Law enforcement officers are challenged daily in the performance of their duties; they face each challenge freely and unselfishly while answering the call to duty. In certain instances, their actions warrant special attention from their respective departments. The Bulletin also wants to recognize those situations that transcend the normal rigors of the law enforcement profession.
While on routine patrol, Deputy Jason Katers of the Brown County, Wisconsin, Sheriff’s Office noticed a large amount of heavy smoke in the air. He tracked the source of the smoke to an attached garage of a residence. He immediately reported the structure fire and approached the front door, where he discovered one of the residents—an elderly woman—confused and disoriented. After Deputy Katers assisted her from the house and brought her to a safe area, he learned that two more occupants remained inside. As the structure rapidly filled with heavy smoke and it became difficult for Deputy Katers to breathe, he reentered the house twice to locate each of the residents, who had become similarly disoriented due to smoke inhalation. Katers escorted both of them to safety, and his swift actions likely saved the occupants’ lives and mitigated the severity of the property loss.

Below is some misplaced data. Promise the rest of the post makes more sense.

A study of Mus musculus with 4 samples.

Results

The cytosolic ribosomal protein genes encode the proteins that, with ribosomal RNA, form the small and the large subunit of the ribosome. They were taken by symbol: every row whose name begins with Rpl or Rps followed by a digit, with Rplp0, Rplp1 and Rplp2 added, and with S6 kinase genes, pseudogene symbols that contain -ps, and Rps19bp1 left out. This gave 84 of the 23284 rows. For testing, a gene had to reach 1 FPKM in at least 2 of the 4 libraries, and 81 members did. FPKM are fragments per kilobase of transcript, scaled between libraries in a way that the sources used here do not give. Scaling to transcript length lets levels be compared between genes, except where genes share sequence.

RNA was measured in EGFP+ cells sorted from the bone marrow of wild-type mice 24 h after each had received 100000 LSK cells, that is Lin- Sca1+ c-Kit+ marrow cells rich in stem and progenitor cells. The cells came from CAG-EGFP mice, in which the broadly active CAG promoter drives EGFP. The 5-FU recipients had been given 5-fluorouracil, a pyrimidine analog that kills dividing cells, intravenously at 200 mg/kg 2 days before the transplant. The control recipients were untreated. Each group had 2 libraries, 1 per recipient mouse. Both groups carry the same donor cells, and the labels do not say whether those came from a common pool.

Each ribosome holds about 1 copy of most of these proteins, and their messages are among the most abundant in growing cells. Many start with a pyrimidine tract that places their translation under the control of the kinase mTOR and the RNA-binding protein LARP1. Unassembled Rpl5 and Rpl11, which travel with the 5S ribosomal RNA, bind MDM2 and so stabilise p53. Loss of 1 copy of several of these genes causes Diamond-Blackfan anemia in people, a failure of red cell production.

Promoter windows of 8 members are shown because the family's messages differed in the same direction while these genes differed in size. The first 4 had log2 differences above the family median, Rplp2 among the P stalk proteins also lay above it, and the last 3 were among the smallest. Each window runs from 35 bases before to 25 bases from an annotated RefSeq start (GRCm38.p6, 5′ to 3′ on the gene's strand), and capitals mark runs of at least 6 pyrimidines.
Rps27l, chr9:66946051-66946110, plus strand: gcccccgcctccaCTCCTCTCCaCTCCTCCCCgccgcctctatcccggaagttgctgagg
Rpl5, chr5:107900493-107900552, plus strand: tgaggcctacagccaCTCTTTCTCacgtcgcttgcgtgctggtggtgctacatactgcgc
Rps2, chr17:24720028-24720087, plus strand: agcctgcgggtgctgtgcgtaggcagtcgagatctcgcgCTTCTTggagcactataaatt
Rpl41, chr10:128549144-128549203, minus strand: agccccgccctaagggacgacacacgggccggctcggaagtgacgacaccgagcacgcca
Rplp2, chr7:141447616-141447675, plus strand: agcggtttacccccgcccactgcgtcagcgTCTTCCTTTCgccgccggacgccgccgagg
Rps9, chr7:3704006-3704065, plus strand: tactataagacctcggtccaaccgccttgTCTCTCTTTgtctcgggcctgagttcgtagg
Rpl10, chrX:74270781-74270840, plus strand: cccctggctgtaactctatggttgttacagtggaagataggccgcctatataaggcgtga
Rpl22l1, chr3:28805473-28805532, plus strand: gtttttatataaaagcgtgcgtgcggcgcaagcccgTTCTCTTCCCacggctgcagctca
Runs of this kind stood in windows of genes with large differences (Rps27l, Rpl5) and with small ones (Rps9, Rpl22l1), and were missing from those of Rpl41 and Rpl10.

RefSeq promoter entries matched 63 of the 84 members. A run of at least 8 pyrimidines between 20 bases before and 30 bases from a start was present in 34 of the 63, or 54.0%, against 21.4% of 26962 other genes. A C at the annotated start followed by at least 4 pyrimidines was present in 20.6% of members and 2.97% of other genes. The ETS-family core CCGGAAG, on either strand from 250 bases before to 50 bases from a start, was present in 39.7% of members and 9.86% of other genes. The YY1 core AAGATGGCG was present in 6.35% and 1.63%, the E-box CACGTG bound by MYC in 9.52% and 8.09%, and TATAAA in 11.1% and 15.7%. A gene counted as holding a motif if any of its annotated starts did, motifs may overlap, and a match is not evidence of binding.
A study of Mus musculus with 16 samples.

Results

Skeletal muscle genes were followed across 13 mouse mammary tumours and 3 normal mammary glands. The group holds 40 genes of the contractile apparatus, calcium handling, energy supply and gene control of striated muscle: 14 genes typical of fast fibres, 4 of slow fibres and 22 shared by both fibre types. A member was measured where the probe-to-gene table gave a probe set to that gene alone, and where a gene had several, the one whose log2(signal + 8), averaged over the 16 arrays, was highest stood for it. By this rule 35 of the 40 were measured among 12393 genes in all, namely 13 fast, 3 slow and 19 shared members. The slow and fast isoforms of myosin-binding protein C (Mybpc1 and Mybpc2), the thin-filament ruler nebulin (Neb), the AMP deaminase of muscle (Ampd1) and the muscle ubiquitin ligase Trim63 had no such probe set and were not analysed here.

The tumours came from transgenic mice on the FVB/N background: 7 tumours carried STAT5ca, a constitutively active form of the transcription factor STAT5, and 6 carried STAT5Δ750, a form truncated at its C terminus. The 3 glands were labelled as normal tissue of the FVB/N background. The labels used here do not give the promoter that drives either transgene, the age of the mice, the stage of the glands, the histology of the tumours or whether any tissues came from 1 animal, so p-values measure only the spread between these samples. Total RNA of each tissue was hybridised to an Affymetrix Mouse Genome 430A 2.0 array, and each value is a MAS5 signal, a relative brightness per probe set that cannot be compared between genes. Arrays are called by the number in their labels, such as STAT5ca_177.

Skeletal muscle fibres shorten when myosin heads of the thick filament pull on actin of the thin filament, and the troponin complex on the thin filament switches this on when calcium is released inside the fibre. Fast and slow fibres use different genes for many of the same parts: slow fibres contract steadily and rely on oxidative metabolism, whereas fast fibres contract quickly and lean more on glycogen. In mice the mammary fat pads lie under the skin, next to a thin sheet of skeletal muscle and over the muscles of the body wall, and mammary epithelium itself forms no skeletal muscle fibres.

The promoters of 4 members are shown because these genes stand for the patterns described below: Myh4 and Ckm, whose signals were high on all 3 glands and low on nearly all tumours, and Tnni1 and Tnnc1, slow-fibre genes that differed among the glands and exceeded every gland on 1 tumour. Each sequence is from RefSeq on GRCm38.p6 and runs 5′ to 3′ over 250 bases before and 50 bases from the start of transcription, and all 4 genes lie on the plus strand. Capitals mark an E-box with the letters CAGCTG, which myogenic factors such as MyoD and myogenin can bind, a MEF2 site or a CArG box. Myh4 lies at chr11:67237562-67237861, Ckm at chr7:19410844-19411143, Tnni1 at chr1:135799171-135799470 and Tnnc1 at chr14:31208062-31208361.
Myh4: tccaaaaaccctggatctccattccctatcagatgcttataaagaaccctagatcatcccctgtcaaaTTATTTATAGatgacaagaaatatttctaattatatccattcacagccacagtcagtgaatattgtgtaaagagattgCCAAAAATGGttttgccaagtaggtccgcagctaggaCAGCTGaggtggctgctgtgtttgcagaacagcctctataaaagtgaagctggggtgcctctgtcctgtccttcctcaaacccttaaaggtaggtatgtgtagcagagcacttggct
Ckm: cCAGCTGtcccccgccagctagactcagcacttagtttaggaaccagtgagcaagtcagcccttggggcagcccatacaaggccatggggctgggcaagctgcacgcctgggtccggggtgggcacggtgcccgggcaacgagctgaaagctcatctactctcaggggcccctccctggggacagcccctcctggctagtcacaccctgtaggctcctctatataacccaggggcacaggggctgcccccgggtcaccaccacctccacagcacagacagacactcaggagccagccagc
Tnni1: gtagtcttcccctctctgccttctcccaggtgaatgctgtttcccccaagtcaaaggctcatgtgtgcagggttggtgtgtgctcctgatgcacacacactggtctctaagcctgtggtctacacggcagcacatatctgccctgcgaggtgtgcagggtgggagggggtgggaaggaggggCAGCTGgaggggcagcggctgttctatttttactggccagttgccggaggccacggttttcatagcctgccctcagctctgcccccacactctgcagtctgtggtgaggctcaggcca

Officers Cody Becker and Edward Pague of the Northern York County, Pennsylvania, Regional Police Department responded to a structure fire at an apartment building. Upon arrival at the scene, the officers determined that a mother and her three children were trapped in their third-floor apartment as the building burned beneath them. The officers immediately took action. Officer Pague helped Officer Becker climb to the second-floor balcony, and the mother passed down her three children, ages 3 months to 6 years, to him. Officer Becker moved the children safely to Officer Pague on the ground below and then helped the mother descend from the balcony. Thanks to the timely and heroic efforts of these officers, the family survived without injury.
Nominations for the Bulletin Notes should be based on either the rescue of one or more citizens or arrest(s) made at unusual risk to an officer’s safety. Submissions should include a short write-up (maximum of 250 words), a separate photograph of each nominee, and a letter from the department’s ranking officer endorsing the nomination. Submissions can be mailed to the Editor, FBI Law Enforcement Bulletin, FBI Academy, Quantico, VA 22135 or e-mailed to email@example.com.